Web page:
Metabolic genetics research may pave the way to treating diabetes, obesity

Oct. 22, 2014

Breaking down complex conditions such as Type 2 diabetes and obesity into the specific metabolic proteins and processes that underlie them offers a new approach to studying the genetics of these diseases and how they are interrelated, according to research presented at the American Society of Human Genetics (ASHG) 2014 Annual Meeting in San Diego, which concludes today.

By studying specific proteins that contribute to such conditions—and the genes that encode them—scientists can develop new drugs that directly target the metabolic processes that do not function properly, explains lead study author Jennifer E. Below, PhD, of The University of Texas Health Science Center at Houston (UTHealth) School of Public Health.

Working with colleagues at the Baylor College of Medicine, Harvard Medical School, and the University of Chicago, Dr. Below found that genes that regulate people’s circadian cycle affect quality of sleep but could also put them at risk for diabetes. Similarly, researchers learned, a group of related proteins involved in immune system functions and interactions among cells also plays a role in heart health.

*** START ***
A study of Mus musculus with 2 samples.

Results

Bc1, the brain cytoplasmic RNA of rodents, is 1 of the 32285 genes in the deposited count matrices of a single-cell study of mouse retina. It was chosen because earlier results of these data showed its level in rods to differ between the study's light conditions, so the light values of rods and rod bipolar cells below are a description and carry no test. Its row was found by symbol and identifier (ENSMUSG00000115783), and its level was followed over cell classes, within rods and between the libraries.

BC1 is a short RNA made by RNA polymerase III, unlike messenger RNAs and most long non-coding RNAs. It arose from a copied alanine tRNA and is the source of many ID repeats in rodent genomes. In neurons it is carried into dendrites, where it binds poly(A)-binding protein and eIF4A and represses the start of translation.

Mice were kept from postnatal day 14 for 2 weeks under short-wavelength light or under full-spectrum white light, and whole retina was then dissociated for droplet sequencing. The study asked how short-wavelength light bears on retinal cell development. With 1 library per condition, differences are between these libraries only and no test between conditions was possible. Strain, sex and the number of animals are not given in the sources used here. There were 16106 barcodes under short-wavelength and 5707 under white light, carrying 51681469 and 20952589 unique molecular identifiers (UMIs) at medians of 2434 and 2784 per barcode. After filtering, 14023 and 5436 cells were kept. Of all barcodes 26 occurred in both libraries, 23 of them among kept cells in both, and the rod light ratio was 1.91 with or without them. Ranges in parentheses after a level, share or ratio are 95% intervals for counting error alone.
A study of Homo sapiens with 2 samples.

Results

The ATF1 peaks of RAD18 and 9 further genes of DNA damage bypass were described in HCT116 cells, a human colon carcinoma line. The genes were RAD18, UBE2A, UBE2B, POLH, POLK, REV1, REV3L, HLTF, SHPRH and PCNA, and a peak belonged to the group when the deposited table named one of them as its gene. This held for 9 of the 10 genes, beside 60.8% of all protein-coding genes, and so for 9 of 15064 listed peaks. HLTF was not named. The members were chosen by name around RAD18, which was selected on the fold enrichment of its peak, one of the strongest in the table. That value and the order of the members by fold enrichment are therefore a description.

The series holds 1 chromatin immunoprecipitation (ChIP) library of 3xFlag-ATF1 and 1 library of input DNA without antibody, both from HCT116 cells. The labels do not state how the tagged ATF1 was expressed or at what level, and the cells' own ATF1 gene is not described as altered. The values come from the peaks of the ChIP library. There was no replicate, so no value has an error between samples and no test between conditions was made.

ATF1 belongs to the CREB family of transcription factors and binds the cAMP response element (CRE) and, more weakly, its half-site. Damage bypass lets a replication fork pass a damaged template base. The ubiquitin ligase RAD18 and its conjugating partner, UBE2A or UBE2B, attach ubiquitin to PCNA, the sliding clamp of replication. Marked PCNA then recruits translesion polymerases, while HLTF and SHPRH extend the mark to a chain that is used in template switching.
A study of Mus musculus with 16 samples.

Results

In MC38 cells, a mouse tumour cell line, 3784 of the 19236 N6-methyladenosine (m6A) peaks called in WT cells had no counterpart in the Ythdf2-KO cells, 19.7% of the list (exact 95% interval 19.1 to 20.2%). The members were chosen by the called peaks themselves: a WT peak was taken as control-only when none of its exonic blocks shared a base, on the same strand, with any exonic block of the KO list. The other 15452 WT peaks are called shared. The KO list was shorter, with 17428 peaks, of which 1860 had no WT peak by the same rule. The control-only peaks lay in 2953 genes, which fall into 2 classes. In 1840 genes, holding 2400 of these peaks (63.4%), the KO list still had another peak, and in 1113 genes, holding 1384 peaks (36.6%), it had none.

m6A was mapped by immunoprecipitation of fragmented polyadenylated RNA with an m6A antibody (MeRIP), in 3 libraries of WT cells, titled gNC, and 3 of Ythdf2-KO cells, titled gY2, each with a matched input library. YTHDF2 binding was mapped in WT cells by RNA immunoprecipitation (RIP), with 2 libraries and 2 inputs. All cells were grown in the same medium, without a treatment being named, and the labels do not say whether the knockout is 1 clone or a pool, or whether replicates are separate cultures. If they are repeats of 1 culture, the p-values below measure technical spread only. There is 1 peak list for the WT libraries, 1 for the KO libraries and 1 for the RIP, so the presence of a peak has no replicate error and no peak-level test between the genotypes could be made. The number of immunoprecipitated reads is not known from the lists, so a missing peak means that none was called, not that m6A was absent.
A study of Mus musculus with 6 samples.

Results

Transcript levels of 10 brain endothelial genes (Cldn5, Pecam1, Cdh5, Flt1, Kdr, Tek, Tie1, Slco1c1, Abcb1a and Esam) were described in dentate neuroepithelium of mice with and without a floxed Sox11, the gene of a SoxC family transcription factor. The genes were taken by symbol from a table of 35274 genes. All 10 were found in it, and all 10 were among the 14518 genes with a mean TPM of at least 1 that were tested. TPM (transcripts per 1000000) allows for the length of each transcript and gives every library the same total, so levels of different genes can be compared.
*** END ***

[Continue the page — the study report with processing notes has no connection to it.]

The researchers have focused their efforts in Starr County, Texas, a community where trends in obesity and Type 2 diabetes rates have steadily remained about 30 years ahead of the rest of the country. They have sequenced the genomes of more than 1,400 people in Starr County, studying relationships among many traits that affect obesity and diabetes, such as weight, sleep patterns, heart health, eye health, immune function, fat levels, and blood pressure. This allows them to tease apart the roles of lifestyle and environmental factors, including how these traits may affect one another.

In the future, Dr. Below and colleagues plan to study families in order to analyze rare genetic variants that may be present in larger numbers than in the general population, some of which may have a major effect on disease. Read the study abstract.